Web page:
Not so long ago, this time of year would have brought the echo of songs and chants to the winding streets of this somnolent village in Egypt's Nile Delta — joyous celebrations honoring a 19th century Jewish sage.
In its heyday, the festival drew thousands of Jewish pilgrims paying tribute at the tomb of Rabbi Yaakov Abuhatzeira, a revered Moroccan holy man who died in Egypt while on a pilgrimage to what is now Israel.
Although the celebrations had been all but extinct for a few years, an Egyptian court in December formally outlawed the festival marking the rabbi's birth date, which this year would have fallen on Jan. 10, the 19th day of the Hebrew month of Tevet.
The Alexandria administrative court that imposed the ban also moved to strip the shrine of its government designation as a cultural monument, though it was not clear whether it had the jurisdiction to do so.
The vicissitudes of the shrine in many ways echo the fate of Egypt's Jews, once a large and vibrant community that dwindled to a few dozen after Jews were expelled en masse and their property seized in the 1950s and '60s.
With arched windows and Hebrew lettering on a plaque and the tomb, the mausoleum is guarded now by Egyptian security guards who aggressively fend off any visitor who does not have written permission to visit. The controversy surrounding the site — a simple stone structure atop a bare dirt knoll, flanked by rutted streets where chickens peck amid heaps of garbage — also speaks volumes about the peculiarity of Egypt's relationship with Israel.
The two countries have had a peace treaty since 1979, and their militaries and intelligence services cooperate closely on security matters, particularly in the volatile Sinai peninsula. But a virulent strain of anti-Semitism runs through Egyptian society, and the shrine, however humble, has been a lightning rod for that sentiment.
Egyptian columnist Neveen Emara praised the court ruling in a commentary this month, describing the mausoleum's stature as a site of pilgrimage as a "Jewish nail" in the wall that is Egypt. Younis Makhyoun, a well-known politician and Islamic preacher, was quoted in Egyptian news reports as hailing an end to the "nightmare" of Jewish celebrations at the site.
A former parliament member from Beheira province, where the tomb is located, said Jews had desecrated the area with their commemorations. The ex-lawmaker, Farouk Maqrahi, also questioned whether Abuhatzeira was even Jewish — a theme echoed in other screeds against the festival over the years.
The court ruling cited what it described as outraged local sensibilities over the annual festival, saying villagers objected to the mingling of men and women and celebrants' drinking of alcohol, both frowned upon by observant Muslims.
But in Damatieh, a ragged village on the outskirts of the larger city of Damanhur, several residents said that though tight security associated with the event had caused inconvenience, they did not particularly object to a once-a-year event.
"There was never a problem, and we never complained," said Hanan Emara, who lives near the shrine and was carrying an armload of silage for feeding livestock. "We are Muslims and they are Jews. We have our celebrations, and they have theirs."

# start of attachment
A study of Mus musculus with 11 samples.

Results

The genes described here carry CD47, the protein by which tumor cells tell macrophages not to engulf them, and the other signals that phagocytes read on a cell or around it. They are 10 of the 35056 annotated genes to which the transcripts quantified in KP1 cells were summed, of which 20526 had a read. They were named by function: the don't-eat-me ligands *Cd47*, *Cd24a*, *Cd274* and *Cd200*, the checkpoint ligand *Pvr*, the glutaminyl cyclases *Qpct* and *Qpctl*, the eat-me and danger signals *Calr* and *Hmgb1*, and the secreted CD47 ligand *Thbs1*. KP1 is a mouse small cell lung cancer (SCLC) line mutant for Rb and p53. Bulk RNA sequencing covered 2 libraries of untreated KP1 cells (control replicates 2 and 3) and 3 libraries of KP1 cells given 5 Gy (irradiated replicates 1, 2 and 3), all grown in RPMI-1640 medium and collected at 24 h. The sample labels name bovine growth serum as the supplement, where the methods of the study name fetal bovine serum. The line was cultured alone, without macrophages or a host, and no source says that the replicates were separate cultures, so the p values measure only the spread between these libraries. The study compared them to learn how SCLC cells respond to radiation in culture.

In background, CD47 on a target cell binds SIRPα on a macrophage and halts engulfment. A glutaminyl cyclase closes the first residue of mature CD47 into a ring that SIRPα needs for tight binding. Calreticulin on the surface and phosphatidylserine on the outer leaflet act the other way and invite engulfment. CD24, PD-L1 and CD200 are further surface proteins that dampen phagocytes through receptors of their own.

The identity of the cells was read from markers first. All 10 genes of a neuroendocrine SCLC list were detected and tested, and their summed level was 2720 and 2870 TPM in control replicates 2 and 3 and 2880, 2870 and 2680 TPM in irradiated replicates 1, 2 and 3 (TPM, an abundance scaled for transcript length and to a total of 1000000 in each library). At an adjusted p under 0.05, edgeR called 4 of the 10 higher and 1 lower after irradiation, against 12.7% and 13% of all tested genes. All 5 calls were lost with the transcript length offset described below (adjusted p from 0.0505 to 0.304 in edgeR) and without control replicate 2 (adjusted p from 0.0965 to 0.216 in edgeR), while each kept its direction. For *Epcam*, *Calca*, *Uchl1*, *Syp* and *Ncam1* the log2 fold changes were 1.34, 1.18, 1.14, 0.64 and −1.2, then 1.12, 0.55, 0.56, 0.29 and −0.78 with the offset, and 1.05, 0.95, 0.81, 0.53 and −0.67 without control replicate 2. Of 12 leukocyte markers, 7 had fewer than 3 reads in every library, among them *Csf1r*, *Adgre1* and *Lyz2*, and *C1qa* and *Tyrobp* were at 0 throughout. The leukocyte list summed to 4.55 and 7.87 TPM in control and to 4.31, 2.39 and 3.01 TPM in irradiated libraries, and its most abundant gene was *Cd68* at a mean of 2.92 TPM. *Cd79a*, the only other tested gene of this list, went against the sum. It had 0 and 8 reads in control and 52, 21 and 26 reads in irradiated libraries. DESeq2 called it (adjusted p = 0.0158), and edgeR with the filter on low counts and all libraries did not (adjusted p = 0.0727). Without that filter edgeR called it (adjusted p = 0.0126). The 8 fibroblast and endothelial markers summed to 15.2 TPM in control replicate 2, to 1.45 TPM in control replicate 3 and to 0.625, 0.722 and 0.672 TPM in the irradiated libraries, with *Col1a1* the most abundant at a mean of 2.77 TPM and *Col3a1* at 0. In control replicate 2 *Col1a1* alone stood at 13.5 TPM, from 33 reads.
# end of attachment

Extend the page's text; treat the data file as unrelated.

A neighbor who identified herself as Umm Reda concurred. "We didn't like the guns and the security, but they should let them come," she said.
Even before the court stepped in, attendance at the festival had fallen off sharply after Egypt's 2011 uprising against dictator Hosni Mubarak and the turmoil that followed. The rise of the Muslim Brotherhood, culminating in the election in 2012 of Islamist President Mohamed Morsi, in effect marked an end to the celebrations, said Rabbi Yehiel Abuhatzeira, a scion of the rabbi's dynasty who is now the municipal rabbi of the Israeli town of Ramle.
"Since Morsi came to power, Jews from Israel have not gone," he said.
By mid-2013, Morsi was out from office, toppled in a popularly supported coup by the then-defense minister and now-President Abdel Fattah Sisi. But even under a government considered far friendlier to Jews — Sisi met last week with Ronald Lauder, head of the World Jewish Congress — there was no move to revive the annual tradition, with Egyptian officials citing security concerns.
"With Sisi, we were told that they have no problem in principle, but that they want to eradicate several cells of extremists first, and they can't take responsibility for a group of Jews at this point," Abuhatzeira said.
An Israeli Foreign Ministry spokesman, Emmanuel Nahshon, said Israel was studying the court ruling and weighing the possibility of raising the issue with Egypt.
"This is a sensitive issue — after all, this was a court ruling and there is the matter of judicial independence," he said. "But we are considering asking that this be viewed from a broader perspective."
Abuhatzeira, the sage's descendant, presided over the festivities at the shrine during the 1980s, after the peace treaty but before the first Palestinian uprising, or intifada, which broke out in 1987. He recalled freedom of movement that seems unimaginable now, with busloads of pilgrims crossing the Egyptian frontier at Rafah, in the Gaza Strip.
"Until the intifada, the festival was huge," he said. "We'd organize a big tent with tables and chairs, and I would receive thousands of people from 10 a.m. to 1 a.m. There was prayer and study, as well as singers and a band."
In later years, with a curdling of the relationship with Egypt amid a second Palestinian uprising and fighting in the Gaza Strip, the festival dwindled in size and fanfare. Abuhatzeira, who now presides over annual commemorations in Israel, said he hoped to visit the mausoleum again one day, if only for quiet contemplation.
"All we ask is to pray in memory of the sage," he said. "But we don't know. Whatever is decided in heaven."
Special correspondent Batsheva Sobelman in Jerusalem contributed to this report.